Wonkblog | Analysis
April 10, 2017 at 4:15 PM
Two adults and two other people, possibly children, were shot today at an elementary school in San Bernardino, Calif., in what authorities say they believe may have been a murder-suicide.
Everytown's criteria for inclusion in its count are broad. They include shootings that happen at colleges and universities, as well as at high schools and elementary schools. Accidental discharges — when a gun inadvertently goes off in someone's pocket, for instance — are included as well.
Still, the tally gives some sense of the ubiquity of guns and gun violence, intentional or otherwise, on school campuses across the United States. The San Bernardino school shooting is the second in the past three days: on Friday, a student was accidentally shot at a college in St. Paul, Minn., after another student inadvertently fired a handgun through a dorm room wall.
Earlier this year a Kansas State University student accidentally shot himself in the leg in a dorm room. Five days before that, in Florida, a parent picking up a child from elementary school accidentally fire a gun in his car. One day earlier, a middle school student in Alabama was showing a classmate a handgun in his backpack when he accidentally pulled the trigger, firing a round into the floor.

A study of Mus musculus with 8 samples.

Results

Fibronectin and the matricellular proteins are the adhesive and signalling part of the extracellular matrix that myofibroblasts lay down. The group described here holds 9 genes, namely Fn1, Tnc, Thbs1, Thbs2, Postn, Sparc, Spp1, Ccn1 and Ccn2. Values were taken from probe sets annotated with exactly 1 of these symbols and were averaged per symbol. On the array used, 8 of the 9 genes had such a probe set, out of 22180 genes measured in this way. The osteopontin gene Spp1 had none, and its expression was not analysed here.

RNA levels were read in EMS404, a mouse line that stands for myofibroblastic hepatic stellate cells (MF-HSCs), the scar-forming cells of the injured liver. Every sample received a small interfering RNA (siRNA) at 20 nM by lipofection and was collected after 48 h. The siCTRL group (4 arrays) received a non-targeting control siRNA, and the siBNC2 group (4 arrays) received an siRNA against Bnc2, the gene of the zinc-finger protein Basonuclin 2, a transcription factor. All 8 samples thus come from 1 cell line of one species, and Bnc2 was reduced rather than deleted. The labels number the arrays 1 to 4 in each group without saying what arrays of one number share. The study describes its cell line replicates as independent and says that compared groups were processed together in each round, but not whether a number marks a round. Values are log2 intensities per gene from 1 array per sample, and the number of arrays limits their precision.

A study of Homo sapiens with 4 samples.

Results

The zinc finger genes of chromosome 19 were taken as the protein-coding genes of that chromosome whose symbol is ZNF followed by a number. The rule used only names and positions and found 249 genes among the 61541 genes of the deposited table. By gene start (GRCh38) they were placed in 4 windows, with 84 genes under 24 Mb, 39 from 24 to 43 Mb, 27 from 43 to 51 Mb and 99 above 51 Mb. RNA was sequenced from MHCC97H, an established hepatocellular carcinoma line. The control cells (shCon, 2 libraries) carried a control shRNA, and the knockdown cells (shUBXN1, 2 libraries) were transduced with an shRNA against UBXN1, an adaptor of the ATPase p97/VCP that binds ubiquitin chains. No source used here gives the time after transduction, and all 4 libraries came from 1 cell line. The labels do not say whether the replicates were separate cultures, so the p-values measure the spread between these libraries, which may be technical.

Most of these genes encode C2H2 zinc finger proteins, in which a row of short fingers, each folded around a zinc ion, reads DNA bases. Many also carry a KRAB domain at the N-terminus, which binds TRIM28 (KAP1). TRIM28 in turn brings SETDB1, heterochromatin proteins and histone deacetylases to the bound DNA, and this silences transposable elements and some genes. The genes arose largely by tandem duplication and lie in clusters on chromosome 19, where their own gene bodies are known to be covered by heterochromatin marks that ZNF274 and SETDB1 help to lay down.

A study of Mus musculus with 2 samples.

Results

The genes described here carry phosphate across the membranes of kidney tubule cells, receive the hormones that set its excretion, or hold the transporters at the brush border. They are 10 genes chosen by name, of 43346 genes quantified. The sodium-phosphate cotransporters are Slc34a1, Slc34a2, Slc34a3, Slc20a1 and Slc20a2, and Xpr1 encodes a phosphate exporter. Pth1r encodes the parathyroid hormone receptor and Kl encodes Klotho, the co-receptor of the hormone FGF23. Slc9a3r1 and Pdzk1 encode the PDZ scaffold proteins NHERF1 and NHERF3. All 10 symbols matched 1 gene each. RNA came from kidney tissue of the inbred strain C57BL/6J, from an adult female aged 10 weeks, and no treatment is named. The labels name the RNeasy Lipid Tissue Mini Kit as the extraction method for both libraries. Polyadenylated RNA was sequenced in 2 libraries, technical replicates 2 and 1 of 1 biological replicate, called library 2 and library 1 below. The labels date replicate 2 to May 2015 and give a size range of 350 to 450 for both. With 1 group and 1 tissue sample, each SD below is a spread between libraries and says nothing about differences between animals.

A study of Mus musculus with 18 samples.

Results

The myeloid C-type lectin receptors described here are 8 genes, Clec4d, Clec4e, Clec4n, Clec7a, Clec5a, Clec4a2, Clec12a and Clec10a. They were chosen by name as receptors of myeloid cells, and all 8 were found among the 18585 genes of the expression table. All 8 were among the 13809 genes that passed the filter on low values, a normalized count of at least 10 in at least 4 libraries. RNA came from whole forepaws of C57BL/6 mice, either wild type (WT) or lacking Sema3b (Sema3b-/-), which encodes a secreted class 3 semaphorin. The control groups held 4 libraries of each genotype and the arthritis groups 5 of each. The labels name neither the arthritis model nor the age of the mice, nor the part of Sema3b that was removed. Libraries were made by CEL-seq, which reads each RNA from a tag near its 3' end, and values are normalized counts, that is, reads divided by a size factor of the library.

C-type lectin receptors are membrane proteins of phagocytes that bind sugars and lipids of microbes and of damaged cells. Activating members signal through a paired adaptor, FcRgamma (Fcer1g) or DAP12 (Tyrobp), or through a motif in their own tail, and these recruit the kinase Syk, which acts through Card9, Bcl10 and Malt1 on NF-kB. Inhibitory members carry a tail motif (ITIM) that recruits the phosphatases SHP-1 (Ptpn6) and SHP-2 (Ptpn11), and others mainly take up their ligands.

Earlier this year in Ohio, a 16-year-old high school student walked into school and shot a classmate with a shotgun. After a basketball game in South Carolina, an unidentified individual shot into a crowd leaving the gymnasium, wounding three.
If confirmed, the San Bernardino shooting would be the first this year in which an individual was shot and killed on school property by another person.
Since 2013, according to Everytown, there have been about 200 of these school shootings in the United States -- about one a week. In recent years, lawmakers in numerous states have been busy making it easier for students to carry guns on college campuses. Nine states have "campus carry" laws on the books.
Supporters say the laws help students defend themselves in the event of a mass shooting or other violent incident. But a recent literature review by researchers at Johns Hopkins University found little evidence that concealed carry laws have any effect on mass shooting trends. In fact, they found, the "best available evaluations of these policies indicate that these right-to-carry laws increase violence."
More guns, more crime, in other words — at school or anywhere else.